UAlbany’s First EOP Student Ambassador Lauds SUNY Commitment to Student Input

Bridget Aduasare EOP Student Ambassador
Bridget Aduasare

ALBANY, N.Y. (Nov. 2, 2021) — If a beneficial experience with, extensive knowledge of, and enthusiasm for an institution are overwhelming prerequisites for being that institution’s ambassador, the Educational Opportunity Program (EOP) made a wise choice in selecting junior Bridget Aduasare as UAlbany’s first EOP student ambassador.

Aduasare admitted to being “shocked” when, despite being a last minute entry, she was chosen by a committee of EOP directors and SUNY system administrators as UAlbany’s representative in a new SUNY program, Educational Opportunity Program Student Ambassadors, comprised of 21 EOP students from 20 SUNY campuses. Chancellor Malatras officially announced the inaugural class on Oct. 22.

Aduasare’s credentials for the position, however, were undeniable. An accomplished student, she can tell you much of the history of EOP at UAlbany, which began in 1968 when the campus became only the second SUNY school to create a chapter.

“The way EOP in UAlbany came to be was by far a miracle,” she said, noting that the program was originally intended as a one-year experiment and then became the bellwether in the system, transforming the lives of thousands of students from economically and educationally disadvantaged backgrounds who are motivated to succeed in college.

Ghana native Aduasare came to America in 2014, graduated from Marie Curie High School for Medicine, Nursing & Health Professions in the Bronx and, she said, “came straight away to UAlbany as a human biology major.”

A Solid Testimony for EOP

As an EOP admit, she quickly took advantage of the program’s many resources. “I have gotten the most amazing support any college student could ever ask for in college,” she said. “We all know college is extremely stressful, but I have been able to handle anything on my plate. Why? I have the best counselors at my beck and call devoted to student success. Not only that, I also have my fellow EOP students whom I can lean on if I just want to talk to others my age who do know the struggles of being college students.

“From the director to the staff of EOP, each and every one contributes greatly to EOP student success. This is the reason why EOP students in UAlbany exceed academically and in all other aspects.” The program’s 75 percent graduation rate for 53 years — higher than for traditional admits — attests to that success.

SUNY’s EOP ambassadors will have several hats to wear — mentors for other students, organizers of a student EOP support network for students across the SUNY system, advisors to the Chancellor on strengthening the program, and advocates to have more students seek and find opportunities through EOP.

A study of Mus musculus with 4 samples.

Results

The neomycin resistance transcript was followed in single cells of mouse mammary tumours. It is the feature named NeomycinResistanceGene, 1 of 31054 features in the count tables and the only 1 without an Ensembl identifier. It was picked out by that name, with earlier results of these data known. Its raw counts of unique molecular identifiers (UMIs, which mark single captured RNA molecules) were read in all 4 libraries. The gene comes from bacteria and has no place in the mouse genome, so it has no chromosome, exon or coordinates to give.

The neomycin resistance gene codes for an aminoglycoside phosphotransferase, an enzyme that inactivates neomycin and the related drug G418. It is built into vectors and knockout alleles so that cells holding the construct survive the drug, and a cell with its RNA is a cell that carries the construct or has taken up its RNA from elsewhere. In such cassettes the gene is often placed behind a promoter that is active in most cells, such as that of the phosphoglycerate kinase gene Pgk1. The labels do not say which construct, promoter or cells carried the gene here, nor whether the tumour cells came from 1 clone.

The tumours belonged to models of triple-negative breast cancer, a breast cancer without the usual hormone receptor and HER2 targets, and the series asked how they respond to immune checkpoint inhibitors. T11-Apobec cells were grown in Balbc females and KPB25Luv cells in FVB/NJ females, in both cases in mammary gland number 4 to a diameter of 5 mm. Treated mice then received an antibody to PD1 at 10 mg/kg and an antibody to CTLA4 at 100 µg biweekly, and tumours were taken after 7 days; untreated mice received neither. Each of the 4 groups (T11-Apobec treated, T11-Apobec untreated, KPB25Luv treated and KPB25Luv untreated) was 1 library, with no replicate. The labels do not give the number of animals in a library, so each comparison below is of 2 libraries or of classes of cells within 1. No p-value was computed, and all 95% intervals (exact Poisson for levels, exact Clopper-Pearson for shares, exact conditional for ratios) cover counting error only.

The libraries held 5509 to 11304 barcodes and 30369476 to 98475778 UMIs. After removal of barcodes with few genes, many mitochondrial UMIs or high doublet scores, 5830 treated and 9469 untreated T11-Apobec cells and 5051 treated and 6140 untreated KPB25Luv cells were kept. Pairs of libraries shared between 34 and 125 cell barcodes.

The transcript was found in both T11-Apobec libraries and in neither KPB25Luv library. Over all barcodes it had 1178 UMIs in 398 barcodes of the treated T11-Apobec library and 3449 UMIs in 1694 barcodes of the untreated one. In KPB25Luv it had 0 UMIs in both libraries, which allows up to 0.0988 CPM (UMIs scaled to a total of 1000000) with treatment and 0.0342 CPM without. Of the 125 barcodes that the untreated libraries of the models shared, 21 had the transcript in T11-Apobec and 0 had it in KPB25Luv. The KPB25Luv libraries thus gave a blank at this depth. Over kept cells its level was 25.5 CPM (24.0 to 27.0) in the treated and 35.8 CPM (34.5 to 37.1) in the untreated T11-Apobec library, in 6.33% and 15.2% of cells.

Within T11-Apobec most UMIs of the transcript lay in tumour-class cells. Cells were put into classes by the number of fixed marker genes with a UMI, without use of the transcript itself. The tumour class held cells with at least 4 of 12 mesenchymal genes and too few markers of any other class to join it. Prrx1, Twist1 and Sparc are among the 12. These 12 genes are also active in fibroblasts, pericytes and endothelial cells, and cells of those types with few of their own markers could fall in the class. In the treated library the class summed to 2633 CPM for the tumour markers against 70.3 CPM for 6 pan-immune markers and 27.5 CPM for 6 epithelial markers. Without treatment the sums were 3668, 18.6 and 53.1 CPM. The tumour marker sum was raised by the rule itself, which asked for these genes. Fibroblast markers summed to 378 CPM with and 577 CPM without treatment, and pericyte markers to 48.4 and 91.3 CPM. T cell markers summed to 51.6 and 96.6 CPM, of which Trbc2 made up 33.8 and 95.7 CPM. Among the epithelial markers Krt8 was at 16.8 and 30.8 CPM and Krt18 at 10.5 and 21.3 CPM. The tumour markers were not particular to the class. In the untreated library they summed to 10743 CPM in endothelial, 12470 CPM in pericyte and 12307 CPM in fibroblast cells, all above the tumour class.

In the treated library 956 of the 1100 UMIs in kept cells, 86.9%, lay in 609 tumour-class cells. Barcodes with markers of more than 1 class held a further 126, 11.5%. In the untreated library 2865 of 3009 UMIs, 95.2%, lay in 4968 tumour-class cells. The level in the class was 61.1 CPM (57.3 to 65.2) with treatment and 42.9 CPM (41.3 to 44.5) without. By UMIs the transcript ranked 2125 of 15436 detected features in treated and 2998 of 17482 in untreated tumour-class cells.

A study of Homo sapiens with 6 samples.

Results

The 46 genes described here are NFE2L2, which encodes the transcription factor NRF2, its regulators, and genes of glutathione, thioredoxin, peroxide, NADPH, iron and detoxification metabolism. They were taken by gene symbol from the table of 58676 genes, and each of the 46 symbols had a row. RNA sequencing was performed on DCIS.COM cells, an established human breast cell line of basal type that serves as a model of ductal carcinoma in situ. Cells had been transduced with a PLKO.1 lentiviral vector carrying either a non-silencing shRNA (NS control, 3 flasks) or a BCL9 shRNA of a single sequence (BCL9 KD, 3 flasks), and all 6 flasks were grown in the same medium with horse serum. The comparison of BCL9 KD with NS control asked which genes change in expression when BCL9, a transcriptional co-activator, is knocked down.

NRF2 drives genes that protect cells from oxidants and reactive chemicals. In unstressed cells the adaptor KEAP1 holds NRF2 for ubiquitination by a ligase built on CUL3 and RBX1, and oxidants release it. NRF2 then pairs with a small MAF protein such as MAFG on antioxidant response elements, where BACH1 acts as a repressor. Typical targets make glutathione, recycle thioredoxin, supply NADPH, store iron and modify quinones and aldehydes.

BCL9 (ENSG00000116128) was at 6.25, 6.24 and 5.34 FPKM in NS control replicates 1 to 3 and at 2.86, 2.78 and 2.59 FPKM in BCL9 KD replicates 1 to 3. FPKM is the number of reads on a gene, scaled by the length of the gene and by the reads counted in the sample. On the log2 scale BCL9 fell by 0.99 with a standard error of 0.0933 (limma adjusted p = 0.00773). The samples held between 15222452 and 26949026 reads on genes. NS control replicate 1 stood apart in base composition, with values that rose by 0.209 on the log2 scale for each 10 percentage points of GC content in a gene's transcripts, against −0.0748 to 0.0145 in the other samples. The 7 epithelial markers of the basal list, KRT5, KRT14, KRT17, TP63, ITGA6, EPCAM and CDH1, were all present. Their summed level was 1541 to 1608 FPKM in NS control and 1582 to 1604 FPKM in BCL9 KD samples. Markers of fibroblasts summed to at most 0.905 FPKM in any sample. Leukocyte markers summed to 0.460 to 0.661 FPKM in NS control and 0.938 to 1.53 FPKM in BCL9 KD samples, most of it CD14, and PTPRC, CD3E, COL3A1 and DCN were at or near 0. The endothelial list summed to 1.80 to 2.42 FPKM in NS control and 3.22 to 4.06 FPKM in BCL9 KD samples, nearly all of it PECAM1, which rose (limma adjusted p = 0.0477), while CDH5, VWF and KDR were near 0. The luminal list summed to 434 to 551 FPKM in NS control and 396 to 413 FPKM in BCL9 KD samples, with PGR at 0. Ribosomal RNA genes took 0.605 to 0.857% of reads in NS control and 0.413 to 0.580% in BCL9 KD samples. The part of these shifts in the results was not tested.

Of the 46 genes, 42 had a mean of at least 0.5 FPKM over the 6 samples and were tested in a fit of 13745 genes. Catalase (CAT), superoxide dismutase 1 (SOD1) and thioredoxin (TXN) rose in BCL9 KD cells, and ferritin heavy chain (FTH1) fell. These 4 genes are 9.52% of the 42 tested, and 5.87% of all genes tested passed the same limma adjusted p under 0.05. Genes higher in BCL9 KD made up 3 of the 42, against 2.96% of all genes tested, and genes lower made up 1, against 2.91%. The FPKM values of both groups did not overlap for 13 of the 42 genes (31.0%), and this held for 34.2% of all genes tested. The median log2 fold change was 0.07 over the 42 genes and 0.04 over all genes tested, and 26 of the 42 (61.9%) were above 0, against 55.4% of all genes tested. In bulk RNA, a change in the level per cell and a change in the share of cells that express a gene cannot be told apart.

An Advocate for EOP Student Input

Aduasare said the EOP support network is needed and will be successful. “Since I joined the EOP family I only know EOP students from UAlbany personally. By being an ambassador for EOP, I will be able to connect with the other EOP students on a more personal level by which we can all share our individual experiences and come up with great ideas on how to make EOP even better.”

Malatras also announced a comprehensive plan to build on the program, starting with opening 1,000 more spots for students beyond the 10,000 current number, expanding the newly created Pre-Medical EOP and establishing a $2 million student persistence fund to help students most at risk of dropping out due to unforeseen financial circumstances.

Aduasare said all this is strong evidence that SUNY is committed both to EOP’s expansion and to student input in that growth. “I believe the new EOP ambassadorship alone is enough reason for everyone to see that SUNY leadership actually wants to know what students expect and want from them.”

Each EOP Student Ambassador will receive stipends of $5,000 to carry out their important new role. Aduasare plans to use her stipend to invest in stocks., saving much of it for the future use “and for rainy days as well.”

Her career goal is to become a nurse practitioner. “I see myself as that in the next 15 years by the grace of God,” said Aduasare. “After college I look forward to doing research with my human biology major and not necessarily going straight into nursing, but eventually I will.”